By Kathleen Kaskel
I could sense employee tension building by the middle of March as construction crews prepared for the pandemic. Aside from the very wide air-venting systems going through windows to provide negative air pressure, even the laying of yellow tape lines for the barriers in and out of rooms created shocking ripples that “this is real!”
More than two months in, the emotional tension of COVID seems to have found its balance. We are, however, also prepared for surging should that occur.
Rather than go home after a day’s work either in knots or bottled up, people have begun to find their own way of maintaining emotional balance. People are finding these various ideas helpful.
Baby monitors or Stratus Video can help families who are unable to be with their loved one, a huge cause of moral distress for staff. We make a point of sharing with the deceased’s family what a person’s last hours or moments included as part of reverence for the dying person and to help families process their grief.
Humorous language can redefine the environment. For instance, some of our staff have named the unit “Camp COVID” with camp counselors and camp directors. Some staffers are also deliberately watching funny animal videos when they have a moment.
Team members are actively watching out for each other. When someone is intensely focused, they may not even realize their personal tension is building. Others may supportively approach them and offer to take on part or all their responsibilities to give them a much needed break. The HOPE bag has been a well-received pilot program for workers who are emotionally overwhelmed. The bag contains simple, small items such as a handwritten card, candies, incense, lip gloss, and a pin to wear, if they choose, regarding having a bad day. And we have set up a quiet room with supplies to help us relax, including candles, coloring books, music, and other tools to aid in meditation and prayer.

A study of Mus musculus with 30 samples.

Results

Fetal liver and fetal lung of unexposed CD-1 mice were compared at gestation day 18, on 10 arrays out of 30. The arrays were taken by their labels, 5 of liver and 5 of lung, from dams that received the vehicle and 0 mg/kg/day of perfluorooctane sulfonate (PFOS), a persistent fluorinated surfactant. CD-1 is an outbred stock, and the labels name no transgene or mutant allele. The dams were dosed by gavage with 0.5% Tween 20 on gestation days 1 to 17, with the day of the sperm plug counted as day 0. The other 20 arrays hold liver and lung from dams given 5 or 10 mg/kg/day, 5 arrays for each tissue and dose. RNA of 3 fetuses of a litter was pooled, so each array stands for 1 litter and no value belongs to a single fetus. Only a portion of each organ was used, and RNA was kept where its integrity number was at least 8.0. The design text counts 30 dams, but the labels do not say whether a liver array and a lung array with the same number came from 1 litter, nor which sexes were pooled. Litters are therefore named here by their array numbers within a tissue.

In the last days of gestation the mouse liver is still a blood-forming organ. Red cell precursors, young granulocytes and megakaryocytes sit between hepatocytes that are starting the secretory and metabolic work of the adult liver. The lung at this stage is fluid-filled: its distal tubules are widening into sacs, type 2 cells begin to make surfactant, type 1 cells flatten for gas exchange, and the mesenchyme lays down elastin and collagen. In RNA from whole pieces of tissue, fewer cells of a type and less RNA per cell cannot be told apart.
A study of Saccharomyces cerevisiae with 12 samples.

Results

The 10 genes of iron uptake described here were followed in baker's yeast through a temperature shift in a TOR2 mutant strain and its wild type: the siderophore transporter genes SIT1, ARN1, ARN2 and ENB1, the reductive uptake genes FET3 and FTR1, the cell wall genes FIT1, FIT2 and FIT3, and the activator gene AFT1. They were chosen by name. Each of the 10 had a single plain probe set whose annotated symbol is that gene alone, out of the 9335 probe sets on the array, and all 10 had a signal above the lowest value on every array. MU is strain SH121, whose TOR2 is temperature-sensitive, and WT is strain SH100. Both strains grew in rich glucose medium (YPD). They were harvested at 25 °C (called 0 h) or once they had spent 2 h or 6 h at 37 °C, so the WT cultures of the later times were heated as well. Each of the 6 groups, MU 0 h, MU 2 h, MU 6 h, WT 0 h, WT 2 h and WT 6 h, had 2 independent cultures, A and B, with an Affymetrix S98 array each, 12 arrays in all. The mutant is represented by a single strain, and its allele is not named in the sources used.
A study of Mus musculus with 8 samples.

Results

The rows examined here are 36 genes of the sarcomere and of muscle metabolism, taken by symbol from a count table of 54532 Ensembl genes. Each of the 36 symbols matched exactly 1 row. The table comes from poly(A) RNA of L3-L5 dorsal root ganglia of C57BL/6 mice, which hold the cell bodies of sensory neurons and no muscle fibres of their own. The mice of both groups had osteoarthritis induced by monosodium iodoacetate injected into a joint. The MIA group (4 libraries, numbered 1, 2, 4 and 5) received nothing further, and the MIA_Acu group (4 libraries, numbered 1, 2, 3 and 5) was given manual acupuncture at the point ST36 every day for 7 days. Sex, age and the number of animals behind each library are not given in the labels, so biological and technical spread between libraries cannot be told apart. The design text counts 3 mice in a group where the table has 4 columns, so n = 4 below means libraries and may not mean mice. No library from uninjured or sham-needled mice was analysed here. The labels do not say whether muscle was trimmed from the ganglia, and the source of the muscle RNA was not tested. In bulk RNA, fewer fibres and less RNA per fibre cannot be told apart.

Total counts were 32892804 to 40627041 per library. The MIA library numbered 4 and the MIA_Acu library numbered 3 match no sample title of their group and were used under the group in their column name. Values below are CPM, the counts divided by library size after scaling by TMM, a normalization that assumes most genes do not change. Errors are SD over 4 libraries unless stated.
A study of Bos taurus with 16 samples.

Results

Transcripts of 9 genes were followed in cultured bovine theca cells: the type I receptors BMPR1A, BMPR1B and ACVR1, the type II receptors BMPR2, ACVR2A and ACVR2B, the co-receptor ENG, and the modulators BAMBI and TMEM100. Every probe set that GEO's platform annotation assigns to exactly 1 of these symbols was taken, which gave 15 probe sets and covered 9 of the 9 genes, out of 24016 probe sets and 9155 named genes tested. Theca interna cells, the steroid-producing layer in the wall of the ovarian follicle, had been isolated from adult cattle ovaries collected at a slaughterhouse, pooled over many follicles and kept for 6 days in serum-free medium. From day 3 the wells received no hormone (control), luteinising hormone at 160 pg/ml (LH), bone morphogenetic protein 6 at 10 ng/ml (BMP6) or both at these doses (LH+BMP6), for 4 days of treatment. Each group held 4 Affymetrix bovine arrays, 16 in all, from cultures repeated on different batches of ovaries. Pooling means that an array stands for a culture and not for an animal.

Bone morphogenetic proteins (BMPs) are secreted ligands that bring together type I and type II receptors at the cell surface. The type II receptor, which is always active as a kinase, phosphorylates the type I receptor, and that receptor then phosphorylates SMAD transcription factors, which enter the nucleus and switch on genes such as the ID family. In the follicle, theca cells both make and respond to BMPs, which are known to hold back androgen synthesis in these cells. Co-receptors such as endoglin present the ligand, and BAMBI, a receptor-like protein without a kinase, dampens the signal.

We have also encouraged staffers to debrief, de-stress, decompress with a coworker, unit leader, or friend who understands the realities of the medical workplace and HIPAA. In the course of their jobs, we remind them to not rush past the immediate moment and use mindfulness techniques, scripture, or prayer as they feel comfortable. On breaks or at lunch, some staffers find it helpful to deliberately avoid news or mention of COVID-19 and to take a walk outside.
But as the chaplain, I continue to frequently hear statements of excruciating pain from both staff and families. It hurts to “not be there holding my mother’s hand as she is dying,” “not be allowed to be with my loved one,” or “not having a viewing or funeral.” People frustratedly ask “why CAN’T the clergy come to be with them?” or are forced to cope with “working here and having a coworker die from a freak accident.” Personal family crisis events dovetail onto the already high stress of the job, and some seek out the chaplains for preventing overload.
We may be past the first wave. But after years of facilitating grief programs, I know that the abrupt cessation of rituals used for generations means that the challenging multicultural psychological impact of complicated grief awaits us in the coming months.
Kathy Kaskel, BCC, is a staff chaplain at Geisinger Community Medical Center in Scranton, PA.